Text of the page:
Know when you are in hot water.
Symptoms of heat exhaustion can vary depending on your activity level. Cramps, heavy sweating, and feeling very tired and thirsty are all signs that your body is stressed from heat.1
Other signs of heat exhaustion can include:
It is important to address these symptoms as soon as possible to avoid heatstroke. Furthermore, you should call 9-1-1 immediately if you think someone is showing signs of shock, seems confused, has a seizure, has a fever over 102°F, is breathing rapidly, has a rapid pulse or loses consciousness.1,3
Beat the heat.
Once you realize you have symptoms of heat exhaustion it’s important to get out of the heat as soon as possible. Find a cool spot to put your feet up and rest! Be sure to stay hydrated and stay clear of alcohol and caffeine. Taking a cool shower or bath and applying cool compresses will also help lower your body temperature. Call your doctor if your symptoms do not subside after 30 minutes.3
Don't sweat it out.
When it comes to heat safety, staying ahead of it is key. Keep an eye on the weather, and when temperatures are high, keep these steps in mind:
Some people are more susceptible to heat exhaustion and heat stroke: children, older adults, and people who are obese, ill, exercising vigorously, or not used to the heat or high humidity.1 Keeping a close eye on those who are most affected by the heat and making sure they are taking proper precautions could help prevent a serious situation.
Similarly, certain allergy, blood pressure, seizure drugs and medicines for mental health conditions may also make a person be at a higher risk for heatstroke. Be sure to check with your doctor or pharmacist to see if any of the medications you or your loved ones take may put them at risk.
Health Mart, caring for you and about you.
1.MedlinePlus: Heat emergencies. Available at: https://www.nlm.nih.gov/medlineplus/ency/article/000056.htm. Accessed 5-23-16.
2.Familydoctor.org: Heat Exhaustion and Heatstroke. Available at: http://familydoctor.org/familydoctor/en/prevention-wellness/staying-healthy/first-aid/heat-exhaustion-an-heatstroke.printerview.all.html. Accessed 5-23-16.
3.Healthy Roads Media: Heat Waves. Available at: https://healthreach.nlm.nih.gov/documents/EngHeatWaves.pdf. Accessed 5-23-16.
4.FDA: Sun Protection. Available at: http://www.fda.gov/Radiation-EmittingProducts/RadiationEmittingProductsandProcedures/Tanning/ucm116445.htm. Accessed 5-23-16.
Flu facts: Who knew?
Chances are that you’ve had the flu, but now it’s time to test your knowledge about this pesky flu bug that shows up every year.
Most flu activity occurs during January.
False. According to the Center for Disease Control records over 32 years, the peak month of flu activity is February, followed by December and then January and March. The “seasonal flu season” can start in October and can last as long as May.1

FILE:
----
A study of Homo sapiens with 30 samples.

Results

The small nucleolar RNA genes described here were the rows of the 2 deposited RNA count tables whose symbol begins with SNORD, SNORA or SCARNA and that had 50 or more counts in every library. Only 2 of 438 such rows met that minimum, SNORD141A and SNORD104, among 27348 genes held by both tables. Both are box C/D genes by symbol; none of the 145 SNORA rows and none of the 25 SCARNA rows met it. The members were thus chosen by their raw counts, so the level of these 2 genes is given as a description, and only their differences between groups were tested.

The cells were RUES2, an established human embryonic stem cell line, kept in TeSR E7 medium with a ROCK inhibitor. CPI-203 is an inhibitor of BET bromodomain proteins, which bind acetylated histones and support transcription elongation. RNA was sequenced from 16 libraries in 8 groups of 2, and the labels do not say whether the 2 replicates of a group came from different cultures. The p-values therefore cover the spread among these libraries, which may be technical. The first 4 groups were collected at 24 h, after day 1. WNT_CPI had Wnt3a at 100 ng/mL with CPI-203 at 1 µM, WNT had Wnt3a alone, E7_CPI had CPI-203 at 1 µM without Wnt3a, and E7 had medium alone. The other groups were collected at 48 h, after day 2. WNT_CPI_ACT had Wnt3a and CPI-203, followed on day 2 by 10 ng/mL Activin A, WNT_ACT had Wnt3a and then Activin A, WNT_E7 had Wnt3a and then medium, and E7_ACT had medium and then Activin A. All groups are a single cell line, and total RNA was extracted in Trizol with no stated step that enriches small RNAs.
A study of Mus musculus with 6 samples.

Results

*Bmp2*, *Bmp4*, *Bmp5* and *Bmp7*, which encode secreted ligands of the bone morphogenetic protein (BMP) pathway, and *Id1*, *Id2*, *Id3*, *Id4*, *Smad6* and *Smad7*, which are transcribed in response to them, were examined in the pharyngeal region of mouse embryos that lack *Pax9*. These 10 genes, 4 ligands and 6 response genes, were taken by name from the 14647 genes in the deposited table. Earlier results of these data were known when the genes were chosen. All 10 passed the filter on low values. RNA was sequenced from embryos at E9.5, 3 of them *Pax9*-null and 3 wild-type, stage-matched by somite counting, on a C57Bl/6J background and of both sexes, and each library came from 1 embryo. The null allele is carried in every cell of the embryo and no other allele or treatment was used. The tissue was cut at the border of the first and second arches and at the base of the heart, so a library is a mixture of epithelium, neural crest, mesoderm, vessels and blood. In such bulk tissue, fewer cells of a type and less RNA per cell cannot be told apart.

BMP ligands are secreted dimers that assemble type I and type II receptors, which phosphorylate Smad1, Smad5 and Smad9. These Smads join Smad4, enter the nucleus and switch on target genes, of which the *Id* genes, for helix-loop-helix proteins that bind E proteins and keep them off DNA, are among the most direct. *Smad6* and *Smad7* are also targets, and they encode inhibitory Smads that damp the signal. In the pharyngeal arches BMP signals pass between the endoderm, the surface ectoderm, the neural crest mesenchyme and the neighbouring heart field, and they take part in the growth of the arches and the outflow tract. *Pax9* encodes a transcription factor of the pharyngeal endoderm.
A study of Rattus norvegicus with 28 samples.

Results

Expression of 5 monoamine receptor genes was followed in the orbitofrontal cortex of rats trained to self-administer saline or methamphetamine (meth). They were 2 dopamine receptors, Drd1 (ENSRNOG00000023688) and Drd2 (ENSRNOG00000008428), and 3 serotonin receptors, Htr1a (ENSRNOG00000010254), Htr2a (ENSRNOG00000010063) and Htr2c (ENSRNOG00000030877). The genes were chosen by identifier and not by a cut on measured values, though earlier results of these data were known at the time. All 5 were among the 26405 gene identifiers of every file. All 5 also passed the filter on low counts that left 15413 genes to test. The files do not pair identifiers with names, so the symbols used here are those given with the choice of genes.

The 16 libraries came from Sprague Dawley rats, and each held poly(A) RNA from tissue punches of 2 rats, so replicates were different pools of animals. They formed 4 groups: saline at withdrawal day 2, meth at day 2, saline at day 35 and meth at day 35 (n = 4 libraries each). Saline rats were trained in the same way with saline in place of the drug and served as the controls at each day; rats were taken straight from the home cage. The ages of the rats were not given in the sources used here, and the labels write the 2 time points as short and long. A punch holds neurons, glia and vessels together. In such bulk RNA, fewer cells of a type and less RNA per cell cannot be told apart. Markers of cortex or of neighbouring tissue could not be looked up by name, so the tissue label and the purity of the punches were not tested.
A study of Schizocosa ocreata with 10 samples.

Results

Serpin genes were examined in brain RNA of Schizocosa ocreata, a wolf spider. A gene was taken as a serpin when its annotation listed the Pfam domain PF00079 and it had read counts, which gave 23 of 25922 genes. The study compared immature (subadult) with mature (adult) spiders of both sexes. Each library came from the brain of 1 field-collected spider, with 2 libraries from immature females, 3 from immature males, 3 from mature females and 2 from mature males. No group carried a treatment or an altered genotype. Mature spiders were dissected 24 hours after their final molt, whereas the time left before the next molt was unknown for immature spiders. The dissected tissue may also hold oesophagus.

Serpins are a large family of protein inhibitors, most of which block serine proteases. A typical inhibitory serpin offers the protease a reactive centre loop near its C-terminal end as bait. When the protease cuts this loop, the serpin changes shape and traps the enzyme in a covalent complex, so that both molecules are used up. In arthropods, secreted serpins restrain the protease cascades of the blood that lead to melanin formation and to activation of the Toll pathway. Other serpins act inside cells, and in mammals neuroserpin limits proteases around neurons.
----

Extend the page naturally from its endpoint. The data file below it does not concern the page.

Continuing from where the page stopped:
The flu shot only protects against one type of flu.
False. Traditional flu vaccines or shots are made to protect against three different flu viruses (called “trivalent” vaccines) are available, and flu vaccines are available that are made to protect against four different flu viruses (called “quadrivalent” vaccines). Depending on your age, your healthcare professional will help you determine which vaccine is best to help you.2
The flu vaccine takes a few weeks before it works.
True. It takes your body about two weeks after the flu shot to develop antibodies that protect against the virus from infecting you. Therefore, it’s really important to have your flu shot before the flu season starts. 3
Visit your Health Mart store for more information.
Flu Season: Who’s at risk?
The flu can be a relatively minor occurrence, taking several days in most healthy people. Others however may develop complications from the flu (e.g. pneumonia) that can be life threatening.5 That’s why it is important to practice good hygiene to help prevent the spread of germs to those at greater risk.4
Children and infants
People with disabilities
People with health conditions
Travelers and people living abroad
3 Tips to Outsmart the Flu
Get your flu vaccine
Everyone 6 months of age and older should get a flu vaccine as soon as the current season’s vaccines are available.
Help stop the spread of germs
It’s simple. Wash your hands with soap and water. Cover your mouth when you sneeze. And, avoid close contact with sick people.
Follow your doctor’s orders
If you get sick and your doctor prescribes flu antiviral drugs, take them and be sure to follow the full course of medication.
Are YOU a travel bug?
You need to travel and you don’t feel well. Should you get on that plane? The Center for Disease Control (CDC) says no.6
To help cut down on the spread of germs, you should be fever free for 24-hours before traveling
If you are not ill, the CDC recommends a flu shot to help reduce the risk of contracting an illness while you are traveling to your destination
Because flu seasons vary, it’s important to stay current on your flu vaccination
1. The Flu Season. http://www.cdc.gov/flu/about/season/flu-season.htm. Accessed August 31, 2015.
2. Key Facts About Season Flu Vaccine. http://www.niaid.nih.gov/topics/flu/understandingflu/pages/seasonalvaccine.aspx. Accessed August 31, 2015.
3. Key Facts About Season Flu Vaccine. http://www.cdc.gov/flu/protect/keyfacts.htm. Accessed August 31, 2015.
4. Flu.gov. Who’s at risk? http://www.flu.gov/at-risk. Accessed August 31, 2015.
5. Flu Symptoms and Severity. http://www.cdc.gov/flu/about/disease/symptoms.htm. Accessed August 31, 2015.
6. Influenza Prevention: Information for Travelers. http://www.cdc.gov/flu/travelers/travelersfacts.htm. Accessed October 1, 2015.